The Astros lost some talent in their rotation over the offseason, but the defending AL Champions have the arms to compensate for the losses. And one Astros pitcher, RHP Josh James, has some serious helium. Let’s take a look at the young right-hander.
Josh James in 2019
James, a starter by trade, may have spent 2019 in the bullpen, but the 26-year old made an impact to say the least. James struck out 100 batters over 61.1 IP, with 51 of those K’s coming courtesy of the four-seam fastball. The righty’s four-seamer had a mean velocity of 97.1 MPH, which put him in the 97th percentile (via Baseball Savant) when it came to fastball velocity. James’ slider, meanwhile, is a dangerous weapon for the righty, as the pitch has a lot of life and movement to it, and hitters struggled quite a bit against the breaking ball. The 26-year old’s slider had a Whiff% rate of 56.3%, and batters only hit .164 off the pitch.
James was a great weapon for the Astros in their bullpen last season, but as we mentioned earlier, the Florida native is a starter by trade. The Astros lost RHP Gerrit Cole to the Yankees in the offseason, and Wade Miley and Aaron Sanchez both will not return to Houston in 2020. This opens up an opportunity for James to enter the rotation in 2020, and there’s a solid chance he cracks the Astros’ starting five.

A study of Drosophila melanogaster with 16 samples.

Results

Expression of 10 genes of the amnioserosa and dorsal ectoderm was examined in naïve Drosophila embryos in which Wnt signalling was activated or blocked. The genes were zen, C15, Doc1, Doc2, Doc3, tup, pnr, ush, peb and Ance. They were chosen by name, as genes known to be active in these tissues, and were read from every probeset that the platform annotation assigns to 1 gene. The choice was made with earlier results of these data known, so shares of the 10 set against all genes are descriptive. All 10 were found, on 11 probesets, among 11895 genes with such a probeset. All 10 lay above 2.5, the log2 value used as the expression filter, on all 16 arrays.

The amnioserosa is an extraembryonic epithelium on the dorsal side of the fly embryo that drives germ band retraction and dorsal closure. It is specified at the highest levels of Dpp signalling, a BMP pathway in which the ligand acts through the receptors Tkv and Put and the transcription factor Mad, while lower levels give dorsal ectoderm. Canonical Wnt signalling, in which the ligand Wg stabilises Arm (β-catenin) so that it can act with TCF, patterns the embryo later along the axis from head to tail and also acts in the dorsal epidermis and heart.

Astros Starting Pitching Options for 2020
Justin Verlander and Zack Greinke, provided they’re healthy, are the two aces at the top of the rotation for the Astros. After those two, though, things get a bit complicated. Lance McCullers Jr. spent all of last season on the IL, and he should be ready for Opening Day. That leaves two spots open, and there’s quite a few names that could fill them. Brad Peacock, Jose Urquidy, Framber Valdez and prospect Forrest Whitley are just a few names that are in play for the Astros rotation.
But here’s why James is ahead of most, if not all, of these names. Simply put, he has the arsenal to be an effective starter. James may not be able to operate consistently in the upper-90’s with his fastball as a starter, but the pitch should still be an effective weapon for him later in starts. James also has two other offerings, the slider that I mentioned previously, as well as a change, that can beat hitters at the MLB level.
Now there is the walk concern with James. Both in the Majors and the Minors, James has traditionally had above-average walk totals, which does hurt his stock a bit. However, James makes a lot of sense as an internal option for the Astros. The 26-year old, unlike some of the prospects Houston has competing for those spots, has MLB experience, and considering that he’s armed with a powerful arsenal, you need to consider him for your fantasy team.